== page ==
Waitress fromof Saransk’s Mordovskoye Podvorye Restaurant


The native ethnic groups of the Republic of Mordovia are the Moksha and Erzya people. Their languages are similar and belong to the Finno-Ugric group, a sign of their distant kinship with the Finns and Hungarians. Mordovia has a very special cuisine unlike anywhere else, with its unique delicacies. We recommend everyone who comes to Saransk to seize the opportunity to try traditional Mordovian dishes.

What to eat

Poza – low-alcohol beverage
© Sputnik / Alexey Kudenko

We recommend everyone who comes to Saransk this summer to seize the opportunity to try traditional Mordovian dishes.

Bear's paw

A local legend has it that in olden times, bridegrooms had to prove that they are true men and that they are worthy of their brides. And so they went off into the woods to hunt a bear and returned with a bear's paw, which they put on the wedding table as proof of their feat.

There are very few bears in Mordovia today: the Red Data Book lists them as an endangered species. So the bear's paw is prepared from other ingredients and is not only served at weddings. Here is the recipe: veal liver, pork, croutons and onions are coated with egg, fried, roasted and arranged on a plate to make it look like a bear's paw. It is served as a separate course or with quick pickled cucumbers, baked potatoes and butter.

Pork from local breeders and wild boar meat are also very popular in Mordovia. By the way, local woods abound in wild boars.


No dinner goes without a poza. This low alcohol beverage is centuries old, so old, in fact, that it was used as an offering to pagan gods.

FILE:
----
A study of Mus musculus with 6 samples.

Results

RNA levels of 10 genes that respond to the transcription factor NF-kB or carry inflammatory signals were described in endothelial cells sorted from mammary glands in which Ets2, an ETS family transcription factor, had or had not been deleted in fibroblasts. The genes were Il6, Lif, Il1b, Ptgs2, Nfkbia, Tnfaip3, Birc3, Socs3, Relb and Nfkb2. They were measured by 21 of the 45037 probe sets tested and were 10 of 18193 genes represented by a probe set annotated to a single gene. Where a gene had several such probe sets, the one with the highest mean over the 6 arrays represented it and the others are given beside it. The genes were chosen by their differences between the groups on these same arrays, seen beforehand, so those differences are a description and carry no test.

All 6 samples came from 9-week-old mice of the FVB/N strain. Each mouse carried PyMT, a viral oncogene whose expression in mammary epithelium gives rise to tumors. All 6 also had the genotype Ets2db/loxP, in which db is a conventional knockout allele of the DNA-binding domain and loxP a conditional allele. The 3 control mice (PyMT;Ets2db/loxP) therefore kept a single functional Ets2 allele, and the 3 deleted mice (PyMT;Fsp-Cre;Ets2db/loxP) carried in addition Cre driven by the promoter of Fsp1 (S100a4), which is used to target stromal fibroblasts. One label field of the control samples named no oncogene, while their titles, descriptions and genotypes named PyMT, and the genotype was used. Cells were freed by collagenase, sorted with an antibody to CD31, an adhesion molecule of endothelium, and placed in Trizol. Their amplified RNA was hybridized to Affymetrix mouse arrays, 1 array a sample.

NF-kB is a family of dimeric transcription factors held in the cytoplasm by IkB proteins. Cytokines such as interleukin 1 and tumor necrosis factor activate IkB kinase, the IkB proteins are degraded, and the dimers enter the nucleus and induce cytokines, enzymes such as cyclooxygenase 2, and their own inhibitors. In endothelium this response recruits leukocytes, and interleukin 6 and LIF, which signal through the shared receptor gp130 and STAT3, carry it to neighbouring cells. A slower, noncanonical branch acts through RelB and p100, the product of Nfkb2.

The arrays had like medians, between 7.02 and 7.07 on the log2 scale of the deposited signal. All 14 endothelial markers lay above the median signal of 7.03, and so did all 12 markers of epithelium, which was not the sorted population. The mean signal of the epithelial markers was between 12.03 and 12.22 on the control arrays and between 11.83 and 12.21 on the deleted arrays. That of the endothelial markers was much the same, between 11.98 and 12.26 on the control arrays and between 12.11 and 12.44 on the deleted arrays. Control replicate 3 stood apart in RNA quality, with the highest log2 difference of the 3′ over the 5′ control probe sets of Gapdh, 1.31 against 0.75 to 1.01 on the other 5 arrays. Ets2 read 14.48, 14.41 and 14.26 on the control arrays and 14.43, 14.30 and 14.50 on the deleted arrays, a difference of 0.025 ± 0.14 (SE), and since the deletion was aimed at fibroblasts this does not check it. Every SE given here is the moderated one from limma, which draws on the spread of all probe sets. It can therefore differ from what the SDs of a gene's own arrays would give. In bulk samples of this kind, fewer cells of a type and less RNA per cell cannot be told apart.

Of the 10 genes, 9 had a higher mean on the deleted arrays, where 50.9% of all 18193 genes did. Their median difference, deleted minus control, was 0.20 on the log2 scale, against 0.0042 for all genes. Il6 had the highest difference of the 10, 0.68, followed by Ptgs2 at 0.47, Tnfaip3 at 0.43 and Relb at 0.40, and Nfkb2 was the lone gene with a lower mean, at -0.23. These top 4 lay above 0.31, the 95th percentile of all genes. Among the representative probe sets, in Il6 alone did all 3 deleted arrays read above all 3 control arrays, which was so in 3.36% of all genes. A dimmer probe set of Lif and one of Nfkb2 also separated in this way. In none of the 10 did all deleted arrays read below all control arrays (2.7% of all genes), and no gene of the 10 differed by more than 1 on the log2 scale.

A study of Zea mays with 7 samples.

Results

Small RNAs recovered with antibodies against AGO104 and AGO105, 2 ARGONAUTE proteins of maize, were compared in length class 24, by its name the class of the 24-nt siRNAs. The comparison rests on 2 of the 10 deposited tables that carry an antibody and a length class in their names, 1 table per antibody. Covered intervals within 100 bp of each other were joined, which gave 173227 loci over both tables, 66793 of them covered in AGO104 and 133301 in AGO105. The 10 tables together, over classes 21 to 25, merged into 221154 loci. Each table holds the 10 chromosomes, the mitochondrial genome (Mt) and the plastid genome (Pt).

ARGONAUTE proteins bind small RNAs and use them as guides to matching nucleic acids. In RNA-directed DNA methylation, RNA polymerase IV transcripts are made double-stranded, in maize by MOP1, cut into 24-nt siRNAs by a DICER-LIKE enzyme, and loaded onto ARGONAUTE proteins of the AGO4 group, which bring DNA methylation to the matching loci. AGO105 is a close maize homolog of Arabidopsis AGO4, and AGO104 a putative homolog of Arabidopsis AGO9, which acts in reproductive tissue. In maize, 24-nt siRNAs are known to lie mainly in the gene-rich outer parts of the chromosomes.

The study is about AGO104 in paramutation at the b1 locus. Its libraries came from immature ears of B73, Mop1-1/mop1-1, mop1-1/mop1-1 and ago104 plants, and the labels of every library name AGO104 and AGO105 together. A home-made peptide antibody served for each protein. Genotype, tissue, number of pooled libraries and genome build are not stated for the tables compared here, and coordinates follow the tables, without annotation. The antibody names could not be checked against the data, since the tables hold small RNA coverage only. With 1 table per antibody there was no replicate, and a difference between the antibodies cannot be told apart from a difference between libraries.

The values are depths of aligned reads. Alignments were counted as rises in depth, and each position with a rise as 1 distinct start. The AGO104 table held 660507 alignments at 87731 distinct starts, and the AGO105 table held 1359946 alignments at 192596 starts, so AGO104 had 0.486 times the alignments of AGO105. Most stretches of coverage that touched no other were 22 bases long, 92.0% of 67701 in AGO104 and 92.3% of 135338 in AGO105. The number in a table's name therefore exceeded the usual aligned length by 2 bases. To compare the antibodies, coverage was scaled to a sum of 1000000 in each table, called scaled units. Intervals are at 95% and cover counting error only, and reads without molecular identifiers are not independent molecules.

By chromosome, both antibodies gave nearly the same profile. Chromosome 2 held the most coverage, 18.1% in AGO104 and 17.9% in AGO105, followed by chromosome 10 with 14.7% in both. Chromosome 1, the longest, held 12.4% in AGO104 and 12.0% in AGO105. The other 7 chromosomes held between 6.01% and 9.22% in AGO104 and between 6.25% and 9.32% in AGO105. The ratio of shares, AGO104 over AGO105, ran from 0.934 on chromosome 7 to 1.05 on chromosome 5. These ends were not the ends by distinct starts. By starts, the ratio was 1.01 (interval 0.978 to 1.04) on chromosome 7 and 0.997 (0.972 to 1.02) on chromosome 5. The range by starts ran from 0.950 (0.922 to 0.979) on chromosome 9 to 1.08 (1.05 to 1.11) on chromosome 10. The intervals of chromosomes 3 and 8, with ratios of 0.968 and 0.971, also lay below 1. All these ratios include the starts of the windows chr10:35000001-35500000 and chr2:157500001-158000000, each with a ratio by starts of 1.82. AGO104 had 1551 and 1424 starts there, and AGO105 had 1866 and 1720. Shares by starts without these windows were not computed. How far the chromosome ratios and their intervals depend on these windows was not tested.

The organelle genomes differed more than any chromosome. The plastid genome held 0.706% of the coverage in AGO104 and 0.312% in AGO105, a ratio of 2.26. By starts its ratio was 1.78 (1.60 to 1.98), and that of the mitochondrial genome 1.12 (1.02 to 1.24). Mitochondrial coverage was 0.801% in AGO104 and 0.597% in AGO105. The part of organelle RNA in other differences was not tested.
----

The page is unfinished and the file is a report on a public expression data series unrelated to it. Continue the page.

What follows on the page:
Poza is usually made from sugar beets, which are mixed with yeast and allowed to ferment. Sometimes, rye bread is added and then it really tastes similar to the Russian drink kvass. Poza is produced by household breweries that supply it to restaurants of Saransk. The locals believe that good poza cannot be made on an industrial scale.


Stuffed pies are the most common food in almost every cuisine, the Russian being no exception. The traditional Mordovian pie is panzhakai with a potato and onion filling.

Panzhakais are served as a separate meal or as part of a traditional Mordovian dish, accompanied by baked eggs, homemade jam, honey, sour cream and millet pancakes, all on one plate.        


For dessert, try pachat, or millet pancakes. Millet flour is blended with milk and yeast. The fermented dough is boiled into porridge and pan-fried. Millet pancakes, thick and hearty, are normally served with jam or honey. Pachat is especially good when washed down with poza, local chefs say.